Yesterday I said “It’s the way a character reveals him or her self through the struggle with the central conflict that keeps us turning pages.” The first time I heard that sentence it simply went in one ear and out the other. But it kept coming back over and over again. Apparently there is something to it.
So let’s look at it.
Conflict is important because it generates questions which can be used as hooks. When you have a central conflict not only do you naturally generate all kinds of hooks, those hooks line up in a pattern which provides the reader with a sense of something greater and more significant going on.
With a collection of conflicts rather than a central conflict the story feels episodic or disorganized. It’s possible to chose a pair of central conflicts which interact with each other and end up with something brilliant, but don’t count on it.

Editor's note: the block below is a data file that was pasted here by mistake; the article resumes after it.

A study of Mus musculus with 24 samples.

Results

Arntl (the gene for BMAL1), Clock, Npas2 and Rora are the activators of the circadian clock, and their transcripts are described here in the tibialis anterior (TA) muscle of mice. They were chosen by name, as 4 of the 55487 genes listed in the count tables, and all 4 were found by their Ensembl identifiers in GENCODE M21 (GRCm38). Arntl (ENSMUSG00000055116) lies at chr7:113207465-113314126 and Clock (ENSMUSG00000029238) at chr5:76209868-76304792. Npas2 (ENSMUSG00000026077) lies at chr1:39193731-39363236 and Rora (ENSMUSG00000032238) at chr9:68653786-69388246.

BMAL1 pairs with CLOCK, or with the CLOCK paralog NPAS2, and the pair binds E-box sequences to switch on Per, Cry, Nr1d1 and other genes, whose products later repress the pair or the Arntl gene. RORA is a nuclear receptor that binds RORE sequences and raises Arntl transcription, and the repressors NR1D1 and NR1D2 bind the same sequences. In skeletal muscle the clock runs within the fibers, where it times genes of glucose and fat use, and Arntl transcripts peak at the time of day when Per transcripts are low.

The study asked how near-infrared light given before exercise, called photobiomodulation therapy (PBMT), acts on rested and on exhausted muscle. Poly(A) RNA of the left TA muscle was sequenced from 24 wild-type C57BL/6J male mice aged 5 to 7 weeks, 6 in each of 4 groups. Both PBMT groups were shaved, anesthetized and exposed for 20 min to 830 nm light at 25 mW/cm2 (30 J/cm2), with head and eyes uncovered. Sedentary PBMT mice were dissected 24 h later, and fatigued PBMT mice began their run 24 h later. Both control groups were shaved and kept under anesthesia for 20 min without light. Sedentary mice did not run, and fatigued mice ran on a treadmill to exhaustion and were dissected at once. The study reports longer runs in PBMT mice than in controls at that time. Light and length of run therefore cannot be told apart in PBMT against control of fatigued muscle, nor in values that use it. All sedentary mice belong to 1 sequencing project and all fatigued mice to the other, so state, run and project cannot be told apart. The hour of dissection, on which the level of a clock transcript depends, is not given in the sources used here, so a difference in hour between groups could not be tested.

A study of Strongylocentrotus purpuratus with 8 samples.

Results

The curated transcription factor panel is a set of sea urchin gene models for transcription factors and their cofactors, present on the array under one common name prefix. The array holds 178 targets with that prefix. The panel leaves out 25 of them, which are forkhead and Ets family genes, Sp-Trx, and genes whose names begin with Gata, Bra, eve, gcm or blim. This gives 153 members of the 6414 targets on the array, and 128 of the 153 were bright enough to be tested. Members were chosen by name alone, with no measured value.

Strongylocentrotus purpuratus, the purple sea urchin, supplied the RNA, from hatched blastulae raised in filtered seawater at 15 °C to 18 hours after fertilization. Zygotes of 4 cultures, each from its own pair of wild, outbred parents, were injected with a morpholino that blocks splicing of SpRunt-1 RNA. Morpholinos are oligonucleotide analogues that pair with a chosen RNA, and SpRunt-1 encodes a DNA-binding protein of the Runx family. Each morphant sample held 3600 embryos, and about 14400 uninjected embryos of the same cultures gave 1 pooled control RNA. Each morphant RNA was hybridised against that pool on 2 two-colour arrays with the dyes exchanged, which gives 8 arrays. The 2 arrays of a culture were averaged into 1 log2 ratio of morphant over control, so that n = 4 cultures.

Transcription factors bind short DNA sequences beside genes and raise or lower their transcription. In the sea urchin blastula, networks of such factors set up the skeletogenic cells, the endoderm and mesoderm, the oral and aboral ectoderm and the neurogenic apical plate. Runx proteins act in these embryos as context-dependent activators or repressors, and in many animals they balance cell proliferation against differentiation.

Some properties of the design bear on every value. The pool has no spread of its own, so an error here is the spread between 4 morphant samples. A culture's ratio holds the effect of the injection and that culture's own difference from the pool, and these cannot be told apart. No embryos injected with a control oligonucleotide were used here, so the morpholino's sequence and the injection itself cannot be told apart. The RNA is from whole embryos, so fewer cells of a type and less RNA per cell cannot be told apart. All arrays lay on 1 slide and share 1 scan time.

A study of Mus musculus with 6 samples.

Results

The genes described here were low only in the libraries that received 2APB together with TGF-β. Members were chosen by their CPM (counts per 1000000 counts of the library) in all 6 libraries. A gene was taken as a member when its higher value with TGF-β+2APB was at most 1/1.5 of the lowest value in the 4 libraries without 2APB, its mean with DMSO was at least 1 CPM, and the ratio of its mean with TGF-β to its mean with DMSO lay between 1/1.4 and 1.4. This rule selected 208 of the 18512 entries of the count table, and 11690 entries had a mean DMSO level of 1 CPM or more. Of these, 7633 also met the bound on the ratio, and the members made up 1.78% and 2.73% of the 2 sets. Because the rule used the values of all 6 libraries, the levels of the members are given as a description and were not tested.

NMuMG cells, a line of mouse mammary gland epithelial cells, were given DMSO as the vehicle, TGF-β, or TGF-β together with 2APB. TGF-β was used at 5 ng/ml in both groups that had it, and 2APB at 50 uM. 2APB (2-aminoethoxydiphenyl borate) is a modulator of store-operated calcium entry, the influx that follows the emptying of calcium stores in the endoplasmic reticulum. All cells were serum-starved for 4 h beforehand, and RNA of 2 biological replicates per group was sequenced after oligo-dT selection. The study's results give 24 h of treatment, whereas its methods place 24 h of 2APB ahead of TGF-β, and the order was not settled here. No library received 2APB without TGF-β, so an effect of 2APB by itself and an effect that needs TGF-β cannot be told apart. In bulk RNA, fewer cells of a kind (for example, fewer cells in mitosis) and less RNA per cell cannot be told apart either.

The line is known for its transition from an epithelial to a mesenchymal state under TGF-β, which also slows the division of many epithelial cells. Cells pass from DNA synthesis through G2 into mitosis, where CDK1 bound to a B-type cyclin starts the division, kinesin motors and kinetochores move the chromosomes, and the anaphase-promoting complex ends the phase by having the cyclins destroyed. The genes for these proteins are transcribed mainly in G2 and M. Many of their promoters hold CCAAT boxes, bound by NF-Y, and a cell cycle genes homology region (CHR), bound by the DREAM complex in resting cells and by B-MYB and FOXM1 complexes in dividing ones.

The right kind of central conflict can make it easier to build the book toward the climax, thus not only providing a structure, but the providing the kind of structure readers enjoy most.
So what’s the right kind of conflict?
Something that is not easily solved. If it’s simply a misunderstanding between hero and heroine then they end up looking stupid for not talking it out quick enough. If the antagonist is easily dealt with then the hero and heroine look indecisive for not dealing with him or her.
Something not impossible to solve. If the conflict comes from the nature of the hero and heroine such that changing either of them to accommodate the other would make them less noble, less kind, or otherwise less worthy then it’s impossible to believe they will or should stay together at the end.
Ideally the central conflict will allow you to delve into deeper, more meaningful aspects of human nature. If it involves archetypes then the resulting book is a lot more likely to be a keeper.